TAP-J competed in the Japan Innovation Challenge (JIC) a couple of weeks ago and below are some details about the competition and how it went for us. It was quite an experience because of the tough weather conditions (it rained 2 out of 3 days) but also a lot of fun because of all the new technology we used compared to previous years.
The executive summary is for the first time the team competed in all 3 stages of the competition (Search, Delivery and Retrieval) and came away with 3 million yen in prize money (about $20K USD). The image on the left from our search drone’s thermal camera of the mannequin hidden in the woods. We calculated its location to within 6m. No other teams came away with any prize money.
What is JIC?
The competition is held each year over 3 days in Kamishihoro city in northern Japan.
Each day teams compete in 3 somewhat separate challenges.
Stage1: Search. The organisers hide 5 mannequins within a 1km^2 area of the total competition area. Teams are given the coordinates of this search area and they then have 90min to locate as many mannequins as possible. This stage takes place between 6pm and 9pm but the drones must be setup by 2pm and cannot be touched again until after the stage is complete (you can’t even touch the vehicle after it has returned in order to download the images). Prize is 3 million yen (20K USD)
Stage2: Delivery. The organisers provide the lat, lon location of a mannequin and the teams are given 30min to deliver a 3kg rescue package to between 3m and 8m (too close is also a fail!). This takes place between 10pm and 12am but again the vehicles must be setup by 2pm. Prize is 2 million yen (13K USD)
Stage3: Rescue. The organisers provide the lat,lon location of a 50kg mannequin and teams have 5 hours to retrieve it and bring it back to the start area. The mannequin must be handled gently so that onboard IMUs do not receive more than 1G of shock. This takes place between 11am and 4pm. Prize is 20 million yen (130K USD)
The facilities consist of 3 areas:
- The Competiion area is where the mannequins are and is very mountainous with elevations >250m above the Start area
- The Start area is where the drones and rovers start from
- The Remote area is where the operators must be during the Stage 1 and 2 (search and deliver). For stage3 (rescue) the operators are at the start area. This Remote operation requirement was new this year and led to only 4 teams competing compared to 13 in the previous years.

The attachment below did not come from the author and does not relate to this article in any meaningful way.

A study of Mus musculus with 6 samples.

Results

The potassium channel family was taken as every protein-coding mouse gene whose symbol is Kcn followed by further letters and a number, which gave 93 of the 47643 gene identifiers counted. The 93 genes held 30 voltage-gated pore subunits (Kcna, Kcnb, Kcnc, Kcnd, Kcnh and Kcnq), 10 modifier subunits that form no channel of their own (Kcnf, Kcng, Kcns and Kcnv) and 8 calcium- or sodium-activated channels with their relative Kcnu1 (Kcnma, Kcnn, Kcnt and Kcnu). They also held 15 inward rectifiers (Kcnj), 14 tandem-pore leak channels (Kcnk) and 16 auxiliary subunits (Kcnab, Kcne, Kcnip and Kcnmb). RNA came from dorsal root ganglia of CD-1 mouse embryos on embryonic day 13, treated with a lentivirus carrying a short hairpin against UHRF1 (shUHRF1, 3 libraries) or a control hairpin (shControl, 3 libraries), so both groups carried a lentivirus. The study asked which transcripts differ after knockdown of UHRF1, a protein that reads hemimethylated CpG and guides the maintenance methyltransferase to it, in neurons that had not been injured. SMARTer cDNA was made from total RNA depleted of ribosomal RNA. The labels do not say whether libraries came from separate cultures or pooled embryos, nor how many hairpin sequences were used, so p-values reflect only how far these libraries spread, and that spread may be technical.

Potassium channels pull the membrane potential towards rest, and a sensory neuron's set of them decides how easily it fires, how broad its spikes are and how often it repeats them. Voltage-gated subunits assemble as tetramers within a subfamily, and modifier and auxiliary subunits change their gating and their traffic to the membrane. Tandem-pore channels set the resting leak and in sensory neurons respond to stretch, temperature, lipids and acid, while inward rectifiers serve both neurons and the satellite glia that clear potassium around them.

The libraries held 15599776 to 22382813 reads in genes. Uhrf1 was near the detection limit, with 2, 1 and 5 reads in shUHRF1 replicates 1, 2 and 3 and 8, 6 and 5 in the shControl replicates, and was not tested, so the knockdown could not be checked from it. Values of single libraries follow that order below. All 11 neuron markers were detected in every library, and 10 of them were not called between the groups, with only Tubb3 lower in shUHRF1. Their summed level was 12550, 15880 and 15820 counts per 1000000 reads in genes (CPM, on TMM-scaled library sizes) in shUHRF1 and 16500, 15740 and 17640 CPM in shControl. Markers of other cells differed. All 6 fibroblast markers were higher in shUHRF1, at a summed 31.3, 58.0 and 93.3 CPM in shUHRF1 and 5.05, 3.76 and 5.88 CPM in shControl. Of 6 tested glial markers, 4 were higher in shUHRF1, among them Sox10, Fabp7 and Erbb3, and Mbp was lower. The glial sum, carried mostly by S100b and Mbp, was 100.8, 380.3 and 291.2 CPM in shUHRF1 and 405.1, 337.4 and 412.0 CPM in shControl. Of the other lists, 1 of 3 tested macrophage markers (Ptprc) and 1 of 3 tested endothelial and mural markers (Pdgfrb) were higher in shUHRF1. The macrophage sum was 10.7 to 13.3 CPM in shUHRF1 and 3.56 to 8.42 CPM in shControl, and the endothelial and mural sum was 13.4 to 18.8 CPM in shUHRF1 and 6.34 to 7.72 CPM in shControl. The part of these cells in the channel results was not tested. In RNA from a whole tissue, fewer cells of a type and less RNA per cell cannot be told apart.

For the search (see video) we used a Qu-Kai folding quadcopter with a Flir Vue thermal camera. It flew fine but was loaded down with so much equipment that its flight time was relatively short (our search mission was only 7.1km). The organisers almost always put the mannequins within 50m of a path though so we were able to design a mission with a high chance of success (and we succeeded!)
For the delivery (see video) we used an EAMS Robotics hexacopter with a Daiwa winch. We’ve used this vehicle every year with good success. This year sadly though the winch didn’t lower the package for reasons we still need to determine.
For the retrieval we had two Rovers, one was built by Tokyo University Professor Kaizu based on a Kubota
AMX3 riding lawn mower with a custom fork lift on the back (see video) The fork lift can be angled forward/back and also lowered or raised. To retrieve the mannequin it is first angled forward and lowered, the rover moves forward to push the lift under the mannequin’s body. The lift is then rotated back and lifted up and the mannequin is carried home. This vehicle has incredible power but as you’ll see from the video even it got stuck on a huge log on the final day.
The 2nd rover was built by AttracLab using Misumi “aluminimum extrusions” and various other custom parts (see video). The front of the horizontal plate can be raised and lowered using linear actuators and there is also a noose at the front connected to a winch. The way it works is the plate is lowered and the mannequin’s feet are scooped in, the noose is then tightened and pulled which drags the mannequin into the body of the rover. It is somewhat miraculous that this rover got over the logs and through the brush to the mannequin despite its relatively small tracks.
Beyond the two rovers, the team came up with a bunch of new technology most of which is open source
- Kawamura-san’s 3G/LTE telemetry and live video system built on WebRTC, SoftEther VPN and two AWS EC2 servers. This allowed us to turn on/off various video feeds and adjust their quality in order to optimise the bandwidth available. The components are all readily available open source although we don’t have an RPI image that people can just download to get it working.
- External power supply to keep the batteries charged on the launch pad.
- SIYI ZR10 gimbal driver. This was on the delivery vehicle and the plan was to use it during the final placement of the package but sadly we lost telemetry contact with the vehicle during this critical phase.
- Gimbal POI Lua script returns the lat,lon of what the gimbal is looking at although we did not end up using this
- Mission Planner Aux Function tab for easier control of camera without an RC
We got so close to rescuing the mannequin that I expect we will try again next year with updated vehicles. Perhaps a larger version of the AttracLab rover with active suspension. Perhaps we could put linear actuators on each of 4 wheel to allow raising/lowering each corner of the vehicle to ease getting over the logs. Maybe multiple hanging claws would help us pick up the mannequin instead of the sled design we used this year.
For the search phase I’d very much like to replace the FLIR Vue + Tarot gimbal with an all-in-one gimbal+camera unit.
For the delivery, as mentioned above, I’d like to try without using a winch at all. Instead just dangle the package on a 30m cord from the bottom of the drone and use Package Place (as we did this year).